Why Join the Anglian Microscopy Group

Why Join the AMG?
The best and simplest reason to join the group is to have FUN! Meeting new people, making new friends, and participating in interesting activities. Clubs and Groups aren’t just about the skills you learn or the events you go to. They’re about the great people you meet along the way. It might sound a little cliché, but the friends you make through a common interest are often the ones that you relate to most naturally.

Microscopy opens up an amazing hidden world that provides almost unending possibilities of interest, starting up as an amateur microscopist costs very little, and requires no previous skill or experience. The list of things you can study is almost endless; freshwater and marine life, insects, plants, fungi, pollen and spores, rocks and minerals, crystals and more.In addition, amateur microscopists can make important scientific contributions, and are able to study many areas that professional scientists struggle to get grant funding.

Cerebellum section showing Purkinje cells

The Citizen Science projects are a good example, these involve members of the general public working on their own or assisting professional scientists or scientific institutions in their work, for example by reporting where they have seen particular species of birds or butterflies or flowers. Microscopists can use their expertise in identifying organisms such as Cladocera (water-fleas) and mosses to contribute to recording schemes that are co-ordinated by the Biological Records Centre or iRecord. The founding members of the Group have recently made valuable contributions to the Spotted Wing Drosphila (fruit flies) Survey Project, helping professionals understand the spread of this important agricultural pest that can only be identified using a microscope. The photograph below of a female SWD was taken by Gordon Brown.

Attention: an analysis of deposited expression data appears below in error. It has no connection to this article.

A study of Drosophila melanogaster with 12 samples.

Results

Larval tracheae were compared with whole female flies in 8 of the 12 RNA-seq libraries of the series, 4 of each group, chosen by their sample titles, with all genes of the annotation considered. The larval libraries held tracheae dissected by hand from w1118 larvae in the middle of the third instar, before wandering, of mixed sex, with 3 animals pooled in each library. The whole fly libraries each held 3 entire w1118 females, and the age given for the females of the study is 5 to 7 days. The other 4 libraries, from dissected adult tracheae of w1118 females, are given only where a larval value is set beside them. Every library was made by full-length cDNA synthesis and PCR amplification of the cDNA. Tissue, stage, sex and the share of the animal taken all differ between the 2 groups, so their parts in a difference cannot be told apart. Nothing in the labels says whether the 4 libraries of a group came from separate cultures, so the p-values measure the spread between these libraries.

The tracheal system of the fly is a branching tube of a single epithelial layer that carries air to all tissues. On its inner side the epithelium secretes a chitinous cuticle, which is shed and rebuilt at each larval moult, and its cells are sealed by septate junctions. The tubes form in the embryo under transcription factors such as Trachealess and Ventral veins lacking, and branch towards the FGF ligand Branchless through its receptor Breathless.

Spotted Wing Drosophila female

Collecting antique microscopes and slides is another dimension of amateur microscopy that attracts collectors and historians. The microscope was first invented nearly 400 years ago; many variants have been produced over that time. The heyday of microscope development was in the Victorian era, when superbly engineered brass microscopes were produced for demanding (and often wealthy) Victorian gentlemen. At the same time, an industry developed making microscope slides of a huge diversity of subjects, of a quality that has not since been surpassed. These microscopes, their accessories and the mounted microscope slides now make a fascinating field for the collector and user alike.

The gallery below shows a selection of photos that we have taken using equipment that we will have at meetings. Click on an image to show an enlarged view.